Hurricane Preparation 101: Keeping Transportation Safe
Despite having survived Hurricane Florence’s wrath, Florida is now in the crosshairs of a potentially destructive storm.
Packing winds of up to 110 mph, Hurricane Michael may very well be the strongest storm to hit the Florida panhandle in 13 years. Residents living along the northeastern Gulf Coast are expecting massive rainfall coupled with ferocious winds.
While your family’s safety should be a top priority, it’s also important to keep your vehicles and boats away from danger.
Let’s look at the best ways to do just that.
During an evacuation, your car should be prepared for anything. Don’t wait for a brewing storm. You should be able to plan out your evacuation route in advance. Moreover, make sure to stash emergency supplies inside the vehicle. Aside from flashlights and a medicine kit, you also need to stock up on blankets, canned ready-to-eat food, and water.
As the hurricane approaches, your car should have a full tank. You wouldn’t want to run out of gas during the middle of an evacuation. In addition, you should check the tires, lights, brakes, and windshield wipers since they help keep you and your family safe on the road.
It’s also essential to bring a fully charged phone with you. For documents such as your insurance titles and vehicle registration, keep them inside a plastic envelope and store it in the glove compartment of your car,
In cases where you need to leave your vehicle behind, leave it to park in a high place and far from the coastline to keep it safe from floods and storm surges.
Boats and sea vessels
Obviously, you won’t be using your boat or yacht during a hurricane. However, you will still need to keep it safe from danger as much as possible. The best option is to bring the vessel to land and stored in somewhere safe.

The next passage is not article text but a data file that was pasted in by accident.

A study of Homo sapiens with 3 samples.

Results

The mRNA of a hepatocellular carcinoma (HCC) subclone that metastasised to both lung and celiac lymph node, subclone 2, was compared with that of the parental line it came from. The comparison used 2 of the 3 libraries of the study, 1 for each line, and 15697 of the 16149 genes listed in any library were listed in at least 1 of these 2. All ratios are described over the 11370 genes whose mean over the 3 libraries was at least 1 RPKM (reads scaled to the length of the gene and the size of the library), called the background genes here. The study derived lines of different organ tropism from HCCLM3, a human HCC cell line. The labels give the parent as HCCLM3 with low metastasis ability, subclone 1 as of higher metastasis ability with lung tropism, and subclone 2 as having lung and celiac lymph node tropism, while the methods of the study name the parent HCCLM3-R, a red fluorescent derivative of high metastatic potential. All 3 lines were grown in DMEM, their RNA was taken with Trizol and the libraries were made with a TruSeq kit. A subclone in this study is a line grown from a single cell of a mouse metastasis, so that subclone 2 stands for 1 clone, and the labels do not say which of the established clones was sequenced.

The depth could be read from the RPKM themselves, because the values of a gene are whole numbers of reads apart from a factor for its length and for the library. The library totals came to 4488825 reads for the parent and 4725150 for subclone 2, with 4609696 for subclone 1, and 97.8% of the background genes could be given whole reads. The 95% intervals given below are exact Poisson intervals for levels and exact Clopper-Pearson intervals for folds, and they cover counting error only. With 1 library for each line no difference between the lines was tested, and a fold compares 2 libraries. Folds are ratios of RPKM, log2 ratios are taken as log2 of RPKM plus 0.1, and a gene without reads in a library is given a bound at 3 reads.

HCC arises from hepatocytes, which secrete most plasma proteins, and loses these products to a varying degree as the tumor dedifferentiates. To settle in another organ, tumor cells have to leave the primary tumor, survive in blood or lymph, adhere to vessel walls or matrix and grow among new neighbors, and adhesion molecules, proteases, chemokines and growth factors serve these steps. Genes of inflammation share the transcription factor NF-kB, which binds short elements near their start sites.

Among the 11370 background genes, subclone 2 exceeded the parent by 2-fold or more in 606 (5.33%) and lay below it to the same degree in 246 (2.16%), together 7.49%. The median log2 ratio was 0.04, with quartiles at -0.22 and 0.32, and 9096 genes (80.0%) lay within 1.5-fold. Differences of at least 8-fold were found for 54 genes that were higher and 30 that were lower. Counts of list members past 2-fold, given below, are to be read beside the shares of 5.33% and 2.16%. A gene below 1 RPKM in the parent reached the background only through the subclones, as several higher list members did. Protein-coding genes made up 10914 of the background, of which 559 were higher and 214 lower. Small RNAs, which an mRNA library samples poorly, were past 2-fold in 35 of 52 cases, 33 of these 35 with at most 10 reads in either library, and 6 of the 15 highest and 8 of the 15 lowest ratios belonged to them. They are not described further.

If your boat is docked or anchored, it’s best to make sure that the dock lines are firmly secured. You will also need to reinforce your chafe protection. It’s also important to secure your anchorage should also have a longer chain to better protect your vessel from storm surges and uneasy tides. For better protection, use more than one anchor.
Before evacuating, make sure to secure important documents from the vessel and switch off or remove any and all electronic devices.
If you intend on bringing the vessel out of the water, secure it using high-tension cables. Also, to keep your vessel in one place and prevent from rolling, you can simply remove the tires or use blocks.
An RV or camper can be a valuable asset to have in the event of a hurricane. Especially in the case of total devastation, an RV can help provide much-needed shelter when there’s not much o go round.
Just like your car, it’s important to store emergency supplies such as medicines, extra blankets, flashlights, power banks, and canned or easy-to-cook food. Regular maintenance is also essential, so take time to check the vehicle’s gas lines and ensure that the generator is working properly. Moreover, remove any fire hazards and check the vehicle for any leaky or ruptured pipes.
As the storm approaches, make sure the gas tank is full and store just enough extra fuel. You will also need to check the engine and make sure the lights are working properly. If you intend on leaving the vehicle behind, have it tied down using extra-strong cables in a dry place away from the shoreline.
It’s not advisable to drive your RV at the height of a hurricane. If you need to evacuate with the vehicle, make sure to drive slowly. It’s often best to determine an escape route beforehand. Never attempt to drive through floodwater. If the RV stops in deep water, never stay inside the vehicle. Instead, get on top of it and call for help.
Get extra protection in the event of a hurricane. Make sure to contact AIA for your insurance needs.